Even Cold Weather Can Be Dangerous
February 1, 2019
There are plenty of fun things to do in the snow with your family, friends, and other loved ones – but it is also important to remember that the cold can actually be dangerous, and that it is necessary to take precautions. Even something as simple as shoveling after a snowfall can result in serious health complications, like heart problems or a heart attack. To safely get through the remainder of this winter season, we have compiled some helpful safety tips and general information below.
How can the Cold be Dangerous?
There is a variety of ways that cold temperature can affect a person’s overall health – and there are also many different reasons behind it. Here are a few reasons people are prone to getting sick or injured during the winter season:
- Our bodies ramp up genetic responses to inflammation, which means some individuals experience general swelling and moderate-to-severe joint pain;
- When a person travels between cold and warm, dry temperatures (e.g. coming into a heated home or apartment from outside) germs are thought to spread more easily – this is because of a lack of moving air inside combined with dry heat;
- Scientists theorize that certain viruses – like the flu virus – become “tougher” in the winter because their shells harden in the cold temperatures; this allows them to be transmitted more easily, and:
- Overexertion and slips and falls: rainy, icy, and cold conditions result in thousands of injuries per year (more than 11,500, according to a recent study published in the American Journal of Emergency Medicine, or AJEM)
It is important to go to a doctor if you think you or a loved one are getting sick. One of the best and most effective ways to prevent transmitting illnesses and viruses is to consult with a healthcare professional, and take medicine as – or if – directed.
Snow Shoveling Safety
It may be surprising that shoveling snow results in so many injuries – and even several deaths. Some of the most common health hazards associated with shoveling snow include:
- Muscle, ligament, tendon, and other soft tissue injuries;
- Head injuries;
- Deadly heart problems, and:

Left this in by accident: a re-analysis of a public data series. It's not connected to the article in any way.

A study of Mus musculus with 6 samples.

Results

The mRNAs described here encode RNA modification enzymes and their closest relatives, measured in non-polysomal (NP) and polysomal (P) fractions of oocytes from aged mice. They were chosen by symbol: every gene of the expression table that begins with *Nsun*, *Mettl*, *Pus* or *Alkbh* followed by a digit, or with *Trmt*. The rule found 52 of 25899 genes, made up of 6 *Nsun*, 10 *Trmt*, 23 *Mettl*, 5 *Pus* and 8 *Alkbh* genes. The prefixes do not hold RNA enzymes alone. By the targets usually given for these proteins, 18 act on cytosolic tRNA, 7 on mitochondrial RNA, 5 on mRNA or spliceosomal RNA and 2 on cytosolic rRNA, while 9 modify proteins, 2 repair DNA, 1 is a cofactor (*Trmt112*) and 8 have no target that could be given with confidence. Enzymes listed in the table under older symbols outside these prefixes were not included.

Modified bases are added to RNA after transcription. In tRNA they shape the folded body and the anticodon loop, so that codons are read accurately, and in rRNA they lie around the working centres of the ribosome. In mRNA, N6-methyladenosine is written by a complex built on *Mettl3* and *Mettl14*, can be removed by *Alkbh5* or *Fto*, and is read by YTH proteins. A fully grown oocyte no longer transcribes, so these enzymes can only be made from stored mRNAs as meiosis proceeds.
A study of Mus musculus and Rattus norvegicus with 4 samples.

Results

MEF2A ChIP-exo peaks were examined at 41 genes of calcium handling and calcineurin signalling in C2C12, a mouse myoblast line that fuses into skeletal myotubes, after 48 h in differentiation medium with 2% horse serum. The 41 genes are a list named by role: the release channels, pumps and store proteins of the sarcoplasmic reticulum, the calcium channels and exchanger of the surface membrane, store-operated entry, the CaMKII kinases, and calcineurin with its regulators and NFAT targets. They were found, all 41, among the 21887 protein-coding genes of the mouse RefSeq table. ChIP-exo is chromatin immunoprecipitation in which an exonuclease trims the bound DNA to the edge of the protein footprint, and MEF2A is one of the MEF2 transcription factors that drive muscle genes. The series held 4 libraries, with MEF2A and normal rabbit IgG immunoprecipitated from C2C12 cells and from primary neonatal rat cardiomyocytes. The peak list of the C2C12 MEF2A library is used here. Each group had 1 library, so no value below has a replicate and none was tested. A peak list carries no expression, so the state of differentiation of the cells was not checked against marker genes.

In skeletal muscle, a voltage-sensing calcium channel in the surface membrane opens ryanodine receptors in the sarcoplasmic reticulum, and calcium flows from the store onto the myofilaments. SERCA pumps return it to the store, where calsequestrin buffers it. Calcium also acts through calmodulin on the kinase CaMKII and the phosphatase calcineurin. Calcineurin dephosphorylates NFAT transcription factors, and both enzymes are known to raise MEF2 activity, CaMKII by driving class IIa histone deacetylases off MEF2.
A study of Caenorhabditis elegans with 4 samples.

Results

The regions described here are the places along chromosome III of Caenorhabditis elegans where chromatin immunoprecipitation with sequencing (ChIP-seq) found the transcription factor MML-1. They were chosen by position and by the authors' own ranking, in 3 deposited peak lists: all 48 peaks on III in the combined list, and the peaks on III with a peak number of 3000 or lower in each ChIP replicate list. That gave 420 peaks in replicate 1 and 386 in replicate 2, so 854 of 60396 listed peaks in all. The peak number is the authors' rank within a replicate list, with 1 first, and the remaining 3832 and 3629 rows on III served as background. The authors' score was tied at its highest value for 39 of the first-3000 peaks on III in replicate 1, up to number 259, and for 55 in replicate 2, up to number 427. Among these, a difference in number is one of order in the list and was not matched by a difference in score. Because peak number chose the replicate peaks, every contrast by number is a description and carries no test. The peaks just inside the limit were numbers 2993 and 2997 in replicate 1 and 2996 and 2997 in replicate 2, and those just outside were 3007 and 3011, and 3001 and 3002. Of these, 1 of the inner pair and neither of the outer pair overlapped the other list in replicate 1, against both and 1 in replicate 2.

- Back problems
For people who are already high risk for cardiac issues, cold temperatures can increase existing dangers. According to the study in the AJEM, every death related to snow shoveling that the researchers examined was caused by heart problems – and people who are 55-years-old and above are more than four-times as likely to suffer heart complications associated with shoveling than younger individuals.
The AJEM’s study also found that men and children are at high risk for shoveling-related injuries. Children are most likely to experience head injuries. To avoid kids getting hurt, safety advocates recommend parents and caregivers explain that shovels are not toys, and that they can be dangerous. Limiting horseplay and stressing safety are both effective ways to prevent injuries, particularly in younger children and teens.
Sometimes it is impossible to avoid getting hurt or sick when it’s cold outside. That said, some injuries and sicknesses are entirely preventable. When someone gets sick or injured because a renter, owner, landlord, or property manager failed to adequately and safely maintain a property – or because of safety failures in the workplace (e.g. unmarked wet floors) – the injured party may be able to seek compensation for damages. To ignore and fail to protect against known winter hazards cannot only be negligent, but also it puts people in danger. To learn more about filing a claim or to ask questions about what party may be responsible for your illness or injury, please contact our firm directly and someone would be happy to help.
Philadelphia Personal Injury Lawyers at Galfand Berger, LLP Representing Injured Individuals Since 1947
If you have questions about becoming ill or being injured, please contact the Philadelphia personal injury lawyers at Galfand Berger. With offices located in Philadelphia, Bethlehem, Lancaster, and Reading, we serve clients throughout Pennsylvania and New Jersey. To schedule a consultation, call us at 800-222-8792 or complete our online contact form.